Roundup: Facing your food fears

Nicholas Dekker, Columbus Alive contributor
Chicken Feet at Sunflower Chinese Restaurant

During this season of ghosts, ghouls and all things scare-inducing, Halloween aficionados are looking for ways to pile on the frights. Whether its skeletons, witches or zombies, it's time for all of us to face our fears - and culinary concerns shouldn't be exempted. So, this season, tackle your food fears at these five eateries.

Bonifacio has arrived as Columbus' first full-service Filipino restaurant. It recently started hosting monthly Kamayan nights, a Kamayan being a giant, family-style meal eaten with your hands. The opening feature of the Kamayan is balut, or a fertilized duck egg hard boiled in the shell. Fertilized means, yes, there's a growing duckling inside, which means a meatier consistency. The exact makeup of the balut depends on how long it's been aged. As you get into 20 and closer to the 30 days, expect more meat and less yolk. In this writer's experience, it tastes like dark meat chicken.

For many people, knowing that lengua is cow's tongue can be off-putting. I mean, who wants to eat a dish that can taste you as you taste it? Relax. It's better to think of lengua as a super tender steak - the kind that you will happily devour in taco form again and again.

Sunflower's weekend dim sum is a joyous, authentic experience. Carts are rolled up tableside, allowing diners to pick and choose small plates of dumplings and noodles and rice wrapped in lotus leaves. Among their standout dishes are the fried chicken feet. Believe it or not, there's a good amount of meat around the feet, and they're not joking around with the spice.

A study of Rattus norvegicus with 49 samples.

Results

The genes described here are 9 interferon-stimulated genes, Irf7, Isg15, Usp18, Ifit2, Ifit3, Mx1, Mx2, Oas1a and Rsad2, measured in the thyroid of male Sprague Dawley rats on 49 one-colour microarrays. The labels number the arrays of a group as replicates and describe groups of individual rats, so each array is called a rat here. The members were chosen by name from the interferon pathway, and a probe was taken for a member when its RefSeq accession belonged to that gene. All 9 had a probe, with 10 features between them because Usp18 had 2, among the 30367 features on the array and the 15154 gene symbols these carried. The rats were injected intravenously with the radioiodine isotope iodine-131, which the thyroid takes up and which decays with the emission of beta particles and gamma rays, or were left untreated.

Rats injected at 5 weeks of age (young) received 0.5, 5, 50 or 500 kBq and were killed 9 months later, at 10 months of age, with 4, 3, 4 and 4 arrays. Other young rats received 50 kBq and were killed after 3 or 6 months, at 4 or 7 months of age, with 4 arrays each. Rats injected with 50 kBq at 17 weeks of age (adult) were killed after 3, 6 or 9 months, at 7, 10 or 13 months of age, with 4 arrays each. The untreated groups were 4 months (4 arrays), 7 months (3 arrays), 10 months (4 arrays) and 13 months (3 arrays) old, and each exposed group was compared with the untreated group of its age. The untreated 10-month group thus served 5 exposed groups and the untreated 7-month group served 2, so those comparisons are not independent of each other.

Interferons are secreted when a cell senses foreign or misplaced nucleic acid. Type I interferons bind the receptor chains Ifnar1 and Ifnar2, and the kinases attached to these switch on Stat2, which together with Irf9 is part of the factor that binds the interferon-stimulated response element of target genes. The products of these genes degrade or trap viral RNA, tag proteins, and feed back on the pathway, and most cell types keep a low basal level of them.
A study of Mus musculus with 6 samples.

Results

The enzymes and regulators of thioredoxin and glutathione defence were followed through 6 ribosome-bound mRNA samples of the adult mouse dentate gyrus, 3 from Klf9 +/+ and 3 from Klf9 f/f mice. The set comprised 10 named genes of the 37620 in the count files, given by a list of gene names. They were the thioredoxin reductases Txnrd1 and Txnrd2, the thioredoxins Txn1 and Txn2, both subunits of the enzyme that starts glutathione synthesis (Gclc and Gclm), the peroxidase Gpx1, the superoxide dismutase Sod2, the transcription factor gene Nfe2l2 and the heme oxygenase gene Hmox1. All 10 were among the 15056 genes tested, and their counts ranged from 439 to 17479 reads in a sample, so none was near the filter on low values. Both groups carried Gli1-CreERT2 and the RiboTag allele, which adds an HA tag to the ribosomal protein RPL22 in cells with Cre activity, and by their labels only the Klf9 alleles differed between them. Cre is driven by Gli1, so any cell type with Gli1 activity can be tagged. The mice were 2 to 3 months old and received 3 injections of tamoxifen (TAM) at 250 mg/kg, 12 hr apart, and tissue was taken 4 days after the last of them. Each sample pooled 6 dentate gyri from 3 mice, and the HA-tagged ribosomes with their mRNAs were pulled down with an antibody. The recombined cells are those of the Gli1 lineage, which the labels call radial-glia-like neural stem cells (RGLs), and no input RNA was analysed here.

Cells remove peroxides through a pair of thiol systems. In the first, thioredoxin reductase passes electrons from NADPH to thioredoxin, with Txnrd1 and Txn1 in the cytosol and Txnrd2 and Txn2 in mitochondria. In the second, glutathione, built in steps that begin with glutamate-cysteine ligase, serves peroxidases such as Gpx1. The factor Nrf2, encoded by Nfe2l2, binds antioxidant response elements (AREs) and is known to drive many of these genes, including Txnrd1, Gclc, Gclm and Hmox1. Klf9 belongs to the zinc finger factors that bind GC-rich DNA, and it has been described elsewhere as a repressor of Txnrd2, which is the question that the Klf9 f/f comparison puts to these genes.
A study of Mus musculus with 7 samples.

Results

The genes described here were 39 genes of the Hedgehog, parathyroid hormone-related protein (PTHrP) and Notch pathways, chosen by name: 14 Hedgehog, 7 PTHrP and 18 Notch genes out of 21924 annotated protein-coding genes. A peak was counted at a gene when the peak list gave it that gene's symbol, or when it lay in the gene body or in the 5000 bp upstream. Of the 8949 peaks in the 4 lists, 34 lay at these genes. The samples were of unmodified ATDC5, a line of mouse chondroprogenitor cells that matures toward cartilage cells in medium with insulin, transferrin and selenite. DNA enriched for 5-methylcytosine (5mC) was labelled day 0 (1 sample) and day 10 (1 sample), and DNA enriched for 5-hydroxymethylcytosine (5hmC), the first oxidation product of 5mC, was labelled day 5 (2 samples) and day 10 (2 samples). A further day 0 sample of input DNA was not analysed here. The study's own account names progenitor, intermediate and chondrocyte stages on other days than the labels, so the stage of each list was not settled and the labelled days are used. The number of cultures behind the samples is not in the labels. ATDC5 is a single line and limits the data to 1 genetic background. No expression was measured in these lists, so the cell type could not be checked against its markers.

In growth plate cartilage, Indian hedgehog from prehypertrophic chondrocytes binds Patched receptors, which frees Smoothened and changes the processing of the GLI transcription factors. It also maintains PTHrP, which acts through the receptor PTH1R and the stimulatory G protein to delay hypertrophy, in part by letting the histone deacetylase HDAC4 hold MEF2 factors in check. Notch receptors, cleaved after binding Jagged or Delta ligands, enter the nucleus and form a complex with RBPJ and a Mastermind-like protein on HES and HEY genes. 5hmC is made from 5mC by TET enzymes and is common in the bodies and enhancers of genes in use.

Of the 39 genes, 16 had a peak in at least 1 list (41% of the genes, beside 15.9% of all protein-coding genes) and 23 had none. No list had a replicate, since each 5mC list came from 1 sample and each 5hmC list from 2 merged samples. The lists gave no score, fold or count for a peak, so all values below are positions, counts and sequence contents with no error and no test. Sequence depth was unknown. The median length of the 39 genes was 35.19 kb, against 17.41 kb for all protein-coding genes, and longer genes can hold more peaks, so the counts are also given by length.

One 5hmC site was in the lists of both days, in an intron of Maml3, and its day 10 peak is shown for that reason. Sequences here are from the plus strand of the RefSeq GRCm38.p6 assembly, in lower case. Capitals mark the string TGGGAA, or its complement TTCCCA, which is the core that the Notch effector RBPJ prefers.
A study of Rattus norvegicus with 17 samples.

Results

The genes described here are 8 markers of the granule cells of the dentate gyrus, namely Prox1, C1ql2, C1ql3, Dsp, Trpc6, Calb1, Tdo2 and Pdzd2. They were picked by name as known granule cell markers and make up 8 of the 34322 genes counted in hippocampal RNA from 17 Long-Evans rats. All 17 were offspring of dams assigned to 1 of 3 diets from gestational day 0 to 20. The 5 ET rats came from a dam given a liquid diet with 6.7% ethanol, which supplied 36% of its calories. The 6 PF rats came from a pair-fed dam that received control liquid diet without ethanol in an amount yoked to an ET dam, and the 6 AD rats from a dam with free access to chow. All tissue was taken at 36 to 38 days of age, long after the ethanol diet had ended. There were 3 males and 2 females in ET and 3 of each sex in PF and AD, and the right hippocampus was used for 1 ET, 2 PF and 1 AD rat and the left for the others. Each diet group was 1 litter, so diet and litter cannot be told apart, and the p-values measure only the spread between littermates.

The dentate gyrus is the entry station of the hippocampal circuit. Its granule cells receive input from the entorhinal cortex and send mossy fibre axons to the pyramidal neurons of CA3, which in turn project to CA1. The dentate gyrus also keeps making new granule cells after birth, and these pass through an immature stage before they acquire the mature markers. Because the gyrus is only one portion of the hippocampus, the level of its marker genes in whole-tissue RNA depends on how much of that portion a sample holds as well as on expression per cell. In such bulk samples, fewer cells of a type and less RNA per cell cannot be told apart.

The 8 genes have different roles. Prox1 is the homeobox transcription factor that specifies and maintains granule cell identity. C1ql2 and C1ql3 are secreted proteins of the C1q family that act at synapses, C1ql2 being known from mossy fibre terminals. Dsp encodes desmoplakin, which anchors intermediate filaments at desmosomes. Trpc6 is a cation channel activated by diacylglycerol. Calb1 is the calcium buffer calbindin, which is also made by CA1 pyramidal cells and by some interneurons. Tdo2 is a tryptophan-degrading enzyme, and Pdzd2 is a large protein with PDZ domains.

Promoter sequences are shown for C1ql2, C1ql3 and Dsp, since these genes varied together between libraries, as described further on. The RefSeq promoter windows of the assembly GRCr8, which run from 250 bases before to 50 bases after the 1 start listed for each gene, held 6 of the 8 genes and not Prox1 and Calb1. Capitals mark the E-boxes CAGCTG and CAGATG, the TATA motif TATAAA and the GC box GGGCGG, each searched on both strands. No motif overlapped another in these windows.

Just the phrase "bone marrow" is going to lose some potential diners, but you need to understand that properly prepared bone marrow is the epitome of the phrase "fat is flavor." It's soft, a bit greasy and rich as all get-out. Salt & Pine prepares a simple-but-complex version served on slices of toasted sourdough with preserved shallots and gremolata.

Raw oysters are an easy sell for many, but the slimy texture is still a sticking point for others. If you fall in the latter category, face your culinary foe this season and order oysters on the half shell at The Pearl. Supplement them with the available lemon juice or cocktail sauce (although not too much), then try putting back a couple, savoring the light, briny flavor. Just imagine you're getting a pure taste of the ocean.